Celebrating Success is Good for Schools and Students, Too

Printer-friendly version
Appeared in the Vancouver Sun

Everyone wants our schools to do a better job of educating our kids. When some schools do just that, it is cause for celebration.

There was magic in the air at the Georgia Hotel in Vancouver on Tuesday night. An energetic crowd with a keen interest in education gathered to celebrate the success enjoyed by outstanding school teams -- principals, teachers, and support staff -- from 28 British Columbia elementary and secondary schools.

The occasion was the annual Garfield Weston Awards for Excellence in Education dinner, and it was all about educators who have found ways to help kids do better at school.

After all the strife surrounding education in this province over the past months and years, the energy, the enthusiasm and the sense of community that was palpable at the gala was a tonic to the spirit. The participating schools represented the great variety that makes up our education system. Among them were urban schools and schools from small towns. There were public schools and private schools. Some of them served students who face a variety of serious challenges.

These school teams were honoured because each has found ways to rapidly and significantly improve their students’ academic achievement -- as reflected by their rating in the Fraser Institute’s Report Card -- over the past five years. It is hard to think of something more important that you could ask of educators than that they be tireless in finding new ways to help their students do better at school.

While there are several provincial and national awards programs recognizing educators, the Weston Awards are unique in that they are based on objective measures of student performance. Since, in the end, it is results that count, one might expect that such celebrations would be commonplace across the country. Regrettably, they are not.

Their scarcity is likely because some educators believe that such public celebrations of excellence are simply bad for the system. They feel that recognition programs of this kind pit one school against another with prizes for the winners and disgrace for those who are, as yet, unsuccessful. After all, they argue, success at school has more to do with the individual and family characteristics of the students than with the skill, hard work and dedication of the staff. So why celebrate success when it is really just the luck of the draw?

Nonsense! What goes on in schools makes a difference and some schools make a greater difference than others -- the Report Cards prove it. The educators we toasted on Tuesday night have proven that with focus, dedication, enthusiasm and a willingness to try new ways of doing things they can ensure that their students do better at school regardless of the challenges that the kids might face. These educators richly deserve our congratulations and our thanks.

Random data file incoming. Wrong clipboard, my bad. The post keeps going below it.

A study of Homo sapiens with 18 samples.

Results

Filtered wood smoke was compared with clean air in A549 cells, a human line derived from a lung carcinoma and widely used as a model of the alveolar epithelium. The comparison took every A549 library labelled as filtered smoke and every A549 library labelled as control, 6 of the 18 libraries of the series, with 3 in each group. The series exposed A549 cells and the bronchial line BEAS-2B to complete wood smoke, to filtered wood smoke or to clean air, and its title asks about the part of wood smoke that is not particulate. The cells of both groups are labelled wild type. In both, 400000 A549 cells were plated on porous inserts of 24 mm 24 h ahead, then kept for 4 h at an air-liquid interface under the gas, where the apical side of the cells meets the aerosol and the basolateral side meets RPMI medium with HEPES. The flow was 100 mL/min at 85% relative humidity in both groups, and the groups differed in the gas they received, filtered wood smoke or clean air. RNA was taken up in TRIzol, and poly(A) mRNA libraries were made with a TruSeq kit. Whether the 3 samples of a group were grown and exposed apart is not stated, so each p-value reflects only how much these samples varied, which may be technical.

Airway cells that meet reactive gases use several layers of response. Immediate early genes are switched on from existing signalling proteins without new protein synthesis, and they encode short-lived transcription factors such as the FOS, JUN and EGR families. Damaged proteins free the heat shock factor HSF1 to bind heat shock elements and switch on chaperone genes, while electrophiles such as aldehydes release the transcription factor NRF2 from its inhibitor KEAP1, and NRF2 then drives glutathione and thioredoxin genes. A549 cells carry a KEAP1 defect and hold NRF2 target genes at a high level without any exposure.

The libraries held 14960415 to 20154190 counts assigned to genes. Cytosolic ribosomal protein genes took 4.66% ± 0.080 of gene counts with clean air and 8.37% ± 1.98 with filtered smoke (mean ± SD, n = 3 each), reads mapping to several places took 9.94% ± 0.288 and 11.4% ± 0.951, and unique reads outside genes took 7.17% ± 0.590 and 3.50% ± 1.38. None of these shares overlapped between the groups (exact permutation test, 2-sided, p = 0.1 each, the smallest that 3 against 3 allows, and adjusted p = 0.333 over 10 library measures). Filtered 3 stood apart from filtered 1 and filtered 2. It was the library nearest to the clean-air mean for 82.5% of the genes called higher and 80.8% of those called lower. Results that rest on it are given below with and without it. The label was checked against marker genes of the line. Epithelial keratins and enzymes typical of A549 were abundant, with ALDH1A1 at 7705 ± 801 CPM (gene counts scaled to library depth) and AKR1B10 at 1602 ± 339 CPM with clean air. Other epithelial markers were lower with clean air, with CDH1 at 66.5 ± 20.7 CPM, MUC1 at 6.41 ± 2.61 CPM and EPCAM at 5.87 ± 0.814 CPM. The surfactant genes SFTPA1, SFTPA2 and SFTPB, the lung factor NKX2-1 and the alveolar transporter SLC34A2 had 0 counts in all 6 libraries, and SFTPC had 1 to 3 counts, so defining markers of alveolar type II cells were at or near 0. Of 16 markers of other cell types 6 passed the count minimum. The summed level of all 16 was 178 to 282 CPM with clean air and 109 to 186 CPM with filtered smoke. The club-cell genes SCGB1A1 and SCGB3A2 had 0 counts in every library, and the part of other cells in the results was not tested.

But while making successful educators feel valued is reason enough to publicly recognize them, programs like the Weston Awards make other important contributions to our children’s education.

First, by celebrating success, we remind all of the province’s educators that society understands the importance of their work.

Second, no improvement plan is going to be of much use if those who embark upon it don’t believe that improvement is possible. The Weston Awards showcase examples of real success. They shout, It can be done, and here’s proof! What better encouragement for educators who are not yet successful?

Third, we know that among achievement-oriented educators, the Weston Awards encourage a little healthy competition between rival school teams to see which one can improve student results the fastest and sustain their upward momentum. When the prize is a better education for everyone’s kids, what competition could be more important?

Finally, by identifying successful school teams, the Weston Awards offer a concrete opportunity to those who have not yet found the keys to success. School teams honoured by the program might mentor other school teams that are struggling to improve their students’ results. I can see it now: A few years down the road we can initiate a new prize for Tag-Team of the year -- mentor/mentee teams that combine for the most rapid and consistent improvement in student achievement.

If some educators really feel that it is wrong to celebrate success, then they’d better start emptying out their schools’ trophy cases.

Subscribe to the Fraser Institute

Get the latest news from the Fraser Institute on the latest research studies, news and events.